Renaissance View On Astronomy

09 May 2019

OSR blog post

How were the stars and moon seen by people living during the time of the Renaissance? Read more to learn about astronomy during the Renaissance.

The Renaissance period of history occurred between 1400 A.D. and 1600 A.D. Why was it called the Renaissance? The word renaissance means “re-birth.” Some scholars believe that information from the ancient Greeks and Romans had been lost during the medieval years. The medieval period struggled with superstition, invasions, and bickering between church and government. The church did not approve of science that did not involve church doctrine.  During that same period the bubonic plaque wiped out large portions of the population in cities and towns. The Renaissance period of late 1400s thru the 160os marked a time of great scientific achievement.

Renaissance Astronomy

Much of the ancient Roman and Greek texts would have been lost if not for wealthy landowners during the medieval period. Much of what made it through to the time of the Renaissance can be attributed to these people. Books were often left in wills and through that the science of the Greeks and Romans made it. During the Renaissance people once again wanted to explore and experiment with the world around them. Aside from studying literature and art, people studied the sciences. Astronomy was one science that made great leaps in discoveries during this time.


Leaders in Astronomy

Greek scientists such as Aristotle and Ptolemy had made the case that the Earth is at the center of the galaxy. People believed that the sun and planets orbited the Earth. They believed this for many years.

In 1420: Ulugh Beg, a Persian astronomer, has a 3-story observatory built. This observatory is able to produce star charts that catalogued over 1,000 stars. Many scientists believe that Beg contributed greatly for the thirty years he spent observing the universe.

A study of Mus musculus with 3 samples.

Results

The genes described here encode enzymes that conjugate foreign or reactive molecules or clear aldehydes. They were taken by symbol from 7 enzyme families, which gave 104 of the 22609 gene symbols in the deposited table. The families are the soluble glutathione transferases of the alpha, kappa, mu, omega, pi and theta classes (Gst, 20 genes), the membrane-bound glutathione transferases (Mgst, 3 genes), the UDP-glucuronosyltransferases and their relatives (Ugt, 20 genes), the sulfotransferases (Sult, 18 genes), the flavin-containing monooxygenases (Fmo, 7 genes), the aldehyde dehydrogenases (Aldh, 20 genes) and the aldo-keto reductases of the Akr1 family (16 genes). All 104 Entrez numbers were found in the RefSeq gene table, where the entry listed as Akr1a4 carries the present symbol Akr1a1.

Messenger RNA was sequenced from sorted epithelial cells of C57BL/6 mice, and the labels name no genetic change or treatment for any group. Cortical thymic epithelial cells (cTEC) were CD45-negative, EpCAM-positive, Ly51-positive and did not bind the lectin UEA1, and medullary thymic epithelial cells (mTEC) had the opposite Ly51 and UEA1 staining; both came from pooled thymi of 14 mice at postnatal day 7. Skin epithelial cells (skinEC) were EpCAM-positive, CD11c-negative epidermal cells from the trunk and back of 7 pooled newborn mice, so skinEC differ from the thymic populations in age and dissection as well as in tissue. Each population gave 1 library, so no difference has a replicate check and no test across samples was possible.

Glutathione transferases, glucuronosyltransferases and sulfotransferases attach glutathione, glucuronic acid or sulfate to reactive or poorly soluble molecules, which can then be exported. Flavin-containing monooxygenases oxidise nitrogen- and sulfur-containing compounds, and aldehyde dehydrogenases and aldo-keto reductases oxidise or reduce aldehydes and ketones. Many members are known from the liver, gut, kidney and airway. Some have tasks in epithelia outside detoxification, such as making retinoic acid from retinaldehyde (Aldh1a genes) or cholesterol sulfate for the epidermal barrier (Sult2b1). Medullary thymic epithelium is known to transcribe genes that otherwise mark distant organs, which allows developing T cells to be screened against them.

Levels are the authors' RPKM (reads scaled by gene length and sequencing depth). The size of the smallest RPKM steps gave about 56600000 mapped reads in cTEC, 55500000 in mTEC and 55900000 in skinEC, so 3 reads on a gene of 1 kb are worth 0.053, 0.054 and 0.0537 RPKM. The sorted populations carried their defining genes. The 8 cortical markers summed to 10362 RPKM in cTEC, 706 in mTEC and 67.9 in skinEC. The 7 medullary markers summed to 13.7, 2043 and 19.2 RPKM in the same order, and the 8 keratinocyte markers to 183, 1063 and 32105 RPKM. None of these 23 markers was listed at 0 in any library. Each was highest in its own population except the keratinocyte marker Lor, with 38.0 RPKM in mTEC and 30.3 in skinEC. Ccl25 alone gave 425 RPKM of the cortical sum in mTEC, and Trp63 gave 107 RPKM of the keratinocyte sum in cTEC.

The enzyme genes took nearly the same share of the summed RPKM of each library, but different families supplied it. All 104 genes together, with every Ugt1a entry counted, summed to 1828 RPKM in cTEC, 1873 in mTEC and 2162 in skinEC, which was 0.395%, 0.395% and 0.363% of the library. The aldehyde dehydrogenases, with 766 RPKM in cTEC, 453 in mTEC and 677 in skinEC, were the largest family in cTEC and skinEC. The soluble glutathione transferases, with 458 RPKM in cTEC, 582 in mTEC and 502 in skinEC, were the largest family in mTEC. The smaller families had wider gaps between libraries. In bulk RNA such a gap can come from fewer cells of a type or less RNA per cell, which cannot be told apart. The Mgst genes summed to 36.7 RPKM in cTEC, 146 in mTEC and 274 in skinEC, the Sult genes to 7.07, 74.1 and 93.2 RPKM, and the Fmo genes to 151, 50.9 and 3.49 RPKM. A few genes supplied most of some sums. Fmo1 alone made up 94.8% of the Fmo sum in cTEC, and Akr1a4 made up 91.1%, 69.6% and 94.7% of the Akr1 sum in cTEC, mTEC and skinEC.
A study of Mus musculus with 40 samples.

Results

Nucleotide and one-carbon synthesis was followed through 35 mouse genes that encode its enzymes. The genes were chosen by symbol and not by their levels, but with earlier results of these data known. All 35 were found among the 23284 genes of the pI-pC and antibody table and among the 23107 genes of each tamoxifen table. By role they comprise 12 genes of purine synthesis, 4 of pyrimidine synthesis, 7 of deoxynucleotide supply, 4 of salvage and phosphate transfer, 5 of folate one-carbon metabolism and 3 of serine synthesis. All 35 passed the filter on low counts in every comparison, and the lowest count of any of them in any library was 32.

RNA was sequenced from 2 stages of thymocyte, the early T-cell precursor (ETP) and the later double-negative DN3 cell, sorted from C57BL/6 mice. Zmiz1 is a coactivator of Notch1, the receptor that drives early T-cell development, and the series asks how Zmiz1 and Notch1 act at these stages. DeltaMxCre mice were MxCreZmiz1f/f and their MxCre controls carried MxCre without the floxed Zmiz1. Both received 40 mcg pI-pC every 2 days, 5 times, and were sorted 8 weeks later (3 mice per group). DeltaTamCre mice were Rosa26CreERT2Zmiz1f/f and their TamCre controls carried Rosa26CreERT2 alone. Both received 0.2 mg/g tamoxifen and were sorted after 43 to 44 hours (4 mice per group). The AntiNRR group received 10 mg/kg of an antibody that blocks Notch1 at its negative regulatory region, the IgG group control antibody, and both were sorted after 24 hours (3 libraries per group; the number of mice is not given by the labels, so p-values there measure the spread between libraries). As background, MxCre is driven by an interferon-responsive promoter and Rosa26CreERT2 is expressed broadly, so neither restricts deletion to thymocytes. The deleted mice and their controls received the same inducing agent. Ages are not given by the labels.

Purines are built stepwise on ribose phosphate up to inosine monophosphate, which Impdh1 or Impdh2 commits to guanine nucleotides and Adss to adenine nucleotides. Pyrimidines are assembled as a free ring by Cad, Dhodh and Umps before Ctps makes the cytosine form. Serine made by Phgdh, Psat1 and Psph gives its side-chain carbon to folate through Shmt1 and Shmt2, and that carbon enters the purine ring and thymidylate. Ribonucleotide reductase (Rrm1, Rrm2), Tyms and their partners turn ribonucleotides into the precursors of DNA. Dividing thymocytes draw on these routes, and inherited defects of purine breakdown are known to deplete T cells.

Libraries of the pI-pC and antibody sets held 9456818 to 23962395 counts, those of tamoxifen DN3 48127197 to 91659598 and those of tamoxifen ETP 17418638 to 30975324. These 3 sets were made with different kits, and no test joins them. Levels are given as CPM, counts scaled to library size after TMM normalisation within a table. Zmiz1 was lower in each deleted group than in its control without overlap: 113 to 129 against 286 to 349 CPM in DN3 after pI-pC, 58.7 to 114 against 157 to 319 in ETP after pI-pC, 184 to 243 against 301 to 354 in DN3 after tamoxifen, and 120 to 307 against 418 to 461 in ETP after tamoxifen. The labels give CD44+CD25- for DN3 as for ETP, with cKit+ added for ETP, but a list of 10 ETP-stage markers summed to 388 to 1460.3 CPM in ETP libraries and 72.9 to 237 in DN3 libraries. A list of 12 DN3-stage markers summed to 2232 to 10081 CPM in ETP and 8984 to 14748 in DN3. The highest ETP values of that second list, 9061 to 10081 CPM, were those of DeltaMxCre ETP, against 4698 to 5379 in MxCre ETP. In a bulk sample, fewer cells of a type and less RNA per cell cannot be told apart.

In 1543: Nicolas Copernicus publishes a book stating that the Earth and other planets rotate around the Sun.  People were angry and upset with this notion. The Church banned the book.

In 1572: Danish astronomer Tycho Brahe notices a new star appearing in the sky and disappearing two years later. He also observes that comets move in space. They are not crystal spheres holding the planets, thus proving that not all motion in space is circular. Brahe goes onto measuring the year to an accuracy of a single second. As a result, Gregorian calendar goes into publication in 1582.

1594: Johannes Kepler states that the moon controls the tides on Earth. Based on mathematics he also states that the Earth rotates around the Sun. His mathematics led Galileo to some of his discoveries.

1600: An Italian astronomer named Giordano Bruno begins teaching that the universe is actually infinite. He teaches that the Earth moves around the sun and that the stars are other suns with planets of their own. Bruno burned at the stake for this heresy in 1600 in Rome.

Galileo Galilei

Galileo was one of the greatest astronomers in history. During the Renaissance he improved the telescope and made one to observe the planets. Using his telescope he mad many discoveries. For example, the moon had craters and not a smooth surface. He believed that the moon reflected light from the sun. Furthermore, he discovered the moons of Jupiter and sunspots. After much research, he concluded that Copernicus’s theory about the Earth rotating around the sun was correct. However, the Church took issue with this conclusion and put Galileo under house arrest.

All of these astronomers made great advancements in astronomy during the Renaissance period. It was truly a “re-birth” of knowledge that changed how we see the universe today.